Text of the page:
Kremmling officials optimistic about getting $2 million in stimulus funds |

Kremmling officials optimistic about getting $2 million in stimulus funds

Drew Munro
Sky-Hi Daily News
Grand County, Colorado

Persistence may turn out to be the key that unlocks $2 million in federal stimulus money for the Town of Kremmling.

Town officials will find out on Friday whether their efforts will be rewarded, Town Manager Ted Soltis told the Town Council on Monday night.

“We’re looking good for getting approved here,” he said.

Kremmling is ranked 10th in a May 21 American Recovery and Reinvestment Act “Fundable List,” which is a dramatic about-face from about six weeks ago, when Soltis was pessimistic about the town’s chances for getting any stimulus money.

The town hopes to use the money to replace leaky water lines that are spraying in excess of half the town’s treated water into the ground. In addition, the leaks are causing the water-treatment plant to operate at more than 100 percent capacity, which will accelerate the time frame in which the plant will need to be replaced, Soltis said.

Last year, the town began replacing the aged steel lines with the assistance of a Colorado Department of Local Affairs (DOLA) grant and a local match. The town was awarded another DOLA grant this year for the second phase of the water line replacement project, though it received only half of its request.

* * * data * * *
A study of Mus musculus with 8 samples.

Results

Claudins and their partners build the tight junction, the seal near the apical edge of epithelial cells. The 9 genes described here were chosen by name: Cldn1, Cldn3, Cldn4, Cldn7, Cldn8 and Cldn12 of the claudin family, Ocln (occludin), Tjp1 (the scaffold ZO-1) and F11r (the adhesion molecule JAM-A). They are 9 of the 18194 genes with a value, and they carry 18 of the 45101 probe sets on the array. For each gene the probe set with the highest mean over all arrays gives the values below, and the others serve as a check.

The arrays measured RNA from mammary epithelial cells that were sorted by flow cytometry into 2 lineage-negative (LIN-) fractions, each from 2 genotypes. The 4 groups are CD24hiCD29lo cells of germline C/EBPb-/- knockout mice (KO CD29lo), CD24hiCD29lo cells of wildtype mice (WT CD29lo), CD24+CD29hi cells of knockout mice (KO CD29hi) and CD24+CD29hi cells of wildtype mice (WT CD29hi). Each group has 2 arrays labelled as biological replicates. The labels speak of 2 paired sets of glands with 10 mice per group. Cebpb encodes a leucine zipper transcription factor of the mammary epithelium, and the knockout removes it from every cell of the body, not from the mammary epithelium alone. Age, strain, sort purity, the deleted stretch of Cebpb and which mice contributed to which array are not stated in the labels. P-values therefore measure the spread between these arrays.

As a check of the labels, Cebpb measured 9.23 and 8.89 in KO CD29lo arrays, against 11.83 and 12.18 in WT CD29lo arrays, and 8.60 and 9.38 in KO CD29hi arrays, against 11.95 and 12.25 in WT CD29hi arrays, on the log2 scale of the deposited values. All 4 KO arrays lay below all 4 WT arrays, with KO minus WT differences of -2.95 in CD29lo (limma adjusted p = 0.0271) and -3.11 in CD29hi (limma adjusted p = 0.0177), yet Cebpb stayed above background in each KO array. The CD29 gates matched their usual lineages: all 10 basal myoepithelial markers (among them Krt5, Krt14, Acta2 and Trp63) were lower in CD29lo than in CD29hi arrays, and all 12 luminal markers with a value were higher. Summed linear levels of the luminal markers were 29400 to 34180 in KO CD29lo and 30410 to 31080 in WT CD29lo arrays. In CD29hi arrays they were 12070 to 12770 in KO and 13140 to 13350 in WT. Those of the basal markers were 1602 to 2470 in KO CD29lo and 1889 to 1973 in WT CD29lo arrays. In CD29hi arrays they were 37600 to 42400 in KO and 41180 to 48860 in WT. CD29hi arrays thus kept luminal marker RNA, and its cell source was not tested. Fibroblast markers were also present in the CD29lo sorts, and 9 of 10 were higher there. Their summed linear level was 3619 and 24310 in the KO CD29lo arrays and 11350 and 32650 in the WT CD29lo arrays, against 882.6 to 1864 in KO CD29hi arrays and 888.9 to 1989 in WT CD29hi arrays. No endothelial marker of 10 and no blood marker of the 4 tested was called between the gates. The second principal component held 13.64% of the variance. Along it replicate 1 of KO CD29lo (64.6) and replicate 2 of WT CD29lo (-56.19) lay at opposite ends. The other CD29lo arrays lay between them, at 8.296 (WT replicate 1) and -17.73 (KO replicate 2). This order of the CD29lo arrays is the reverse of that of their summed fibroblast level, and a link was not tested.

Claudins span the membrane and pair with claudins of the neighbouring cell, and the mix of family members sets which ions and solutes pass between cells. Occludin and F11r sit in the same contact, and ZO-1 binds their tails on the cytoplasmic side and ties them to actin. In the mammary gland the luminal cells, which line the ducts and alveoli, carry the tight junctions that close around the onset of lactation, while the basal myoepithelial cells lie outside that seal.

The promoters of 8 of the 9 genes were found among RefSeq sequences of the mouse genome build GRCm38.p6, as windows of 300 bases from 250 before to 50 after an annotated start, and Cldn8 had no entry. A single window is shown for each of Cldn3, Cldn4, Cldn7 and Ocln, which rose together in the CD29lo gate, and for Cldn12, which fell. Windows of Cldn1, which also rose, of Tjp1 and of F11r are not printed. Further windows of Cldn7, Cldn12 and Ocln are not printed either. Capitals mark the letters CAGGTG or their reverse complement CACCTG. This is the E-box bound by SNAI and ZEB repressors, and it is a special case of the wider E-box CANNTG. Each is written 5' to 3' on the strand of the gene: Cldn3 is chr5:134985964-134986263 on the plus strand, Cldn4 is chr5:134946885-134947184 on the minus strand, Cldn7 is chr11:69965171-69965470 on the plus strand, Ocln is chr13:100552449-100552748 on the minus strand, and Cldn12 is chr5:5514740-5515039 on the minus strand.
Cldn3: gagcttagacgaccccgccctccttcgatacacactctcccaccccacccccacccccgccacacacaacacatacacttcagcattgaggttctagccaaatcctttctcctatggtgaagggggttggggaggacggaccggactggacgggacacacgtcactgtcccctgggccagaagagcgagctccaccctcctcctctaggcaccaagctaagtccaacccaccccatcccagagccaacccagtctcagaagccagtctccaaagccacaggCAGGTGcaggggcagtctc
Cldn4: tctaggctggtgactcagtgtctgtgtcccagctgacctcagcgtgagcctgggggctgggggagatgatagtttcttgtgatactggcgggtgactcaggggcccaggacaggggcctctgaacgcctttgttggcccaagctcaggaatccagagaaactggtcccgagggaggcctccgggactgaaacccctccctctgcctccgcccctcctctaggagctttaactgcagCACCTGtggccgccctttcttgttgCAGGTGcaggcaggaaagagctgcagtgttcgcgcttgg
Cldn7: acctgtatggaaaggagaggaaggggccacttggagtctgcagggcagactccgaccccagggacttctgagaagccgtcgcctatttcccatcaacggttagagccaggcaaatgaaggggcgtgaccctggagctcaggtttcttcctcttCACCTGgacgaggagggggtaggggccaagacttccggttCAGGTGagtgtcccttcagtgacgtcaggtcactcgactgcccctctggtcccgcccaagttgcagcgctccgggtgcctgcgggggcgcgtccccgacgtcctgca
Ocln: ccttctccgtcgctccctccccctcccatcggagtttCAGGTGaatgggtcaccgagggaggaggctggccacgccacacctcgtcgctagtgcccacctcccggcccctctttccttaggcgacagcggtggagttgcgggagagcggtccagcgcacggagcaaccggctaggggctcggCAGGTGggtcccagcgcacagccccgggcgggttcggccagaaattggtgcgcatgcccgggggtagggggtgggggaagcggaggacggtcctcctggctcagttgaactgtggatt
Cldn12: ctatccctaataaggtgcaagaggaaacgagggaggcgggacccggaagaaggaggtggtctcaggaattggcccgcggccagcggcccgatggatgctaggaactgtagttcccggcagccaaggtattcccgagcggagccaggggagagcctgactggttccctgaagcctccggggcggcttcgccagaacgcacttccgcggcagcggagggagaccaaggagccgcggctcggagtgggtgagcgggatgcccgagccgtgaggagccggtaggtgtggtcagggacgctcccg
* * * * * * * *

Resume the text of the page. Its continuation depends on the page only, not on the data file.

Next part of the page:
Because of that, town officials are contemplating leaving some streets unpaved during the coming winter so the town can replace about 10,000 feet of the most degraded water lines this summer.

Kremmling officials were planning to seek another DOLA grant next year with $500,000 in matching town funds to complete the water-line replacement.

The $2 million stimulus “loan” would make that unnecessary, Soltis said, and save the local match. While the money is listed officially as a loan, not a grant, it carries a 0.0 percent interest rate with “principal forgiveness” of $2 million.

In other words, the town would not have to pay back any of the money.

“So this is a savings of $500,000,” he told council members.

The town would receive the federal money at the end of November, too late to begin work this year but allowing for a spring 2010 start.

Hanging in there

The application process has been extremely arduous, Soltis said. So much so, it may have much to do with what appears to be Kremmling’s impending success.

At the outset of the process, Colorado had about $32 million available for such projects with initial requests in the neighborhood of $1.3 billion, Soltis said, adding that such odds were daunting at best with nearly 100 projects in front of Kremmling’s.

However, multiple application deadlines and requirements dramatically winnowed the field of applicants, particularly when engineering requirements meant substantial expenses.

When the total for applications approached the $100 million mark, “I began to feel better about our chances,” Soltis said.

Nevertheless, he said the process has been intense. Soltis initially thought the announcements would be made last Friday only to be presented with a request for more exhaustive information about town personnel and administration ” and another deadline.

“If I get another deadline, I’m going to die,” he told council members.

Mayor Tom Clark and other council members applauded Soltis for his perseverance and a “job well done” during the process.